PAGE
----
Not even the Supreme Court (SC) can compel the House of Representatives and the Senate to convene in a joint session to discuss the merits or lack of them of martial law, Speaker Pantaleon Alvarez of Davao del Norte said on Thursday.
Alvarez was responding to a move of at least 300 lawyers, led by former Solicitor General Florin Hilbay, who filed a petition asking the SC to tell Congress to hold a joint session on the declaration of martial law and the suspension of the writ of habeas corpus in Mindanao because of terrorist attacks led by Islamic State ally Maute Group.
Under the 1987 Constitution, the President can declare martial law and suspend the writ of habeas corpus in case of invasion, rebellion or when public safety requires it.
It also provides, “Congress, voting jointly, by a vote of at least a majority of all its members in regular or special session, may revoke such proclamation or suspension, which revocation shall not be set aside by the President” and that “Congress, if not in session, should, within twenty-four hours following such proclamation or suspension, convene in accordance with its rules without any need of a call.”
“How can the Supreme Court dictate [on]Congress what to do when it is our co-equal body? If the Supreme Court issues a ruling telling Congress to convene in such joint session, I will just tear that up,” Alvarez told reporters.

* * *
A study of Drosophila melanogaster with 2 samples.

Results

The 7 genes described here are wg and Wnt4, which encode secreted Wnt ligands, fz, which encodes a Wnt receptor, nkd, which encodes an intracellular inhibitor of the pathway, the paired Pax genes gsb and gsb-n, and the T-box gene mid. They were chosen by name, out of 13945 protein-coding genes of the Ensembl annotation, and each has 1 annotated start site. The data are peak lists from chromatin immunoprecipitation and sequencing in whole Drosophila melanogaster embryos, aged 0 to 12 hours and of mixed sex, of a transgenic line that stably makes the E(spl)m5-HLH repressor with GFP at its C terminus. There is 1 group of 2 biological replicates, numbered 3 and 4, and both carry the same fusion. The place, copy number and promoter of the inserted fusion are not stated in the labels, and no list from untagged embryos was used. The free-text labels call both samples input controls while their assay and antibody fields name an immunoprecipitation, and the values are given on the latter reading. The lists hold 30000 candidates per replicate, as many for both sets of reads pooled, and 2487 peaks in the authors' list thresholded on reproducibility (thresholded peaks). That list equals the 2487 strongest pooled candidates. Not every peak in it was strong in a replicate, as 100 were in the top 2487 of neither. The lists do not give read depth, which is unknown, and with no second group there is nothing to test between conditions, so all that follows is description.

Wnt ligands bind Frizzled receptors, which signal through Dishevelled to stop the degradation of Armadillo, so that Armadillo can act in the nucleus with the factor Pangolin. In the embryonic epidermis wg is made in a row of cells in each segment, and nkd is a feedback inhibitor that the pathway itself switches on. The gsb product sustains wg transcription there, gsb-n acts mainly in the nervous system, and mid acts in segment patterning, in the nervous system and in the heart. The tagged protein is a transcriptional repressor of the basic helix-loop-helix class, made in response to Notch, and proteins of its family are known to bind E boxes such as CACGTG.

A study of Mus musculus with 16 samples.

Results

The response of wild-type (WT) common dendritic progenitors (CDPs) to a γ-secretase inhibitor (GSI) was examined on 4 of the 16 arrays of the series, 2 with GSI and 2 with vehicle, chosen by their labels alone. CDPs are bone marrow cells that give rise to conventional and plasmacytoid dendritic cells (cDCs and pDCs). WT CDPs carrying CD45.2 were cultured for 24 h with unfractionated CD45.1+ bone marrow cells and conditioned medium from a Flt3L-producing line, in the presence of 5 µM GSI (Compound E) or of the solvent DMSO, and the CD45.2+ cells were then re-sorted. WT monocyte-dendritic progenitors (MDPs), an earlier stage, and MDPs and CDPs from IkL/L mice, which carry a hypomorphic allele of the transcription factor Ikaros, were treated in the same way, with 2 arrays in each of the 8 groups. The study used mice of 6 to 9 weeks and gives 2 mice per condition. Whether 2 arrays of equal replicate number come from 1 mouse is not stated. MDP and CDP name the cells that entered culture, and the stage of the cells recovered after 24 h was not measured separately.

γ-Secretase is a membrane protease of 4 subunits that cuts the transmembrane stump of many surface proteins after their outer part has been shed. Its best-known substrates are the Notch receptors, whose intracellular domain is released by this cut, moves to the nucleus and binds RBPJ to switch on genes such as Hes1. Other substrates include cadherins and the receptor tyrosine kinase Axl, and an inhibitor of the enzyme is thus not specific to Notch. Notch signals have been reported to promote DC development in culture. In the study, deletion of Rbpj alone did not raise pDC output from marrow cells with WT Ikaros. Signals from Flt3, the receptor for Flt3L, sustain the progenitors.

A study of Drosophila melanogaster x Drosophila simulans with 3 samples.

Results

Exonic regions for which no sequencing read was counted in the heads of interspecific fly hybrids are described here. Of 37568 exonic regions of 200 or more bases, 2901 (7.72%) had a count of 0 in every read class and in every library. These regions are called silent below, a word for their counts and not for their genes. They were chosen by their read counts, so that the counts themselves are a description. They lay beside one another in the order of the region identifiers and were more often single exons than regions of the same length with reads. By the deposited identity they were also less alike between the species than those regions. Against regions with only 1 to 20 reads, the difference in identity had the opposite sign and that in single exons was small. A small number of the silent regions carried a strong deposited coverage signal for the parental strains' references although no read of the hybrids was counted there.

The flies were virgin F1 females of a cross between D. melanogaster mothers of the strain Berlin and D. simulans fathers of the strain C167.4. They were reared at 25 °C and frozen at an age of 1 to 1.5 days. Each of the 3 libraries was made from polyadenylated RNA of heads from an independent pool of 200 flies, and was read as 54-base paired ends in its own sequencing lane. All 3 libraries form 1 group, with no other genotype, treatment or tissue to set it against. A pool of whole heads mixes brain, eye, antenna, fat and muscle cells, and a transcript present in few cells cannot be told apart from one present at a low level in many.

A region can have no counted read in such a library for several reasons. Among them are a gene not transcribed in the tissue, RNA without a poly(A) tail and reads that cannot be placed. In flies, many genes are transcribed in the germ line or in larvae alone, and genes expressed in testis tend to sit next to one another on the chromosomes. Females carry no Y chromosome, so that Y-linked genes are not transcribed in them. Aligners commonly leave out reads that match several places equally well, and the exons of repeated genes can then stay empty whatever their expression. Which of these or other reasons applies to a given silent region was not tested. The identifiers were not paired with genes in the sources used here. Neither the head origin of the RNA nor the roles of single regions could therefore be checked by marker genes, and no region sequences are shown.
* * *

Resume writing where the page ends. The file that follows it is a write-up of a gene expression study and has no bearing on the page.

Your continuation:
“We won’t comply with that [SC ruling]. That would be stupid. There will be a constitutional crisis, and it is not the fault of Congress. All we know is that we won’t follow what the Supreme Court says because they don’t have the right to dictate on what Congress should do,” he said.
Alvarez disclosed that the House already submitted a position paper to the Office of the Solicitor General to defend its stance against the joint session.
“My position is that the Supreme Court does not have a jurisdiction on this matter. Besides, I don’t see the logic in this. The Senate majority passed a resolution supporting the declaration of martial law. The House did the same thing. Why convene in a joint session when you already know the result?” he said.
“I don’t know, really. Maybe these critics just want to do a grandstanding in a joint session,” Alvarez added.
Aside from the Hilbay petition, opposition lawmakers led by Rep. Edcel Lagman also asked the Supreme Court to lift martial law in Mindanao.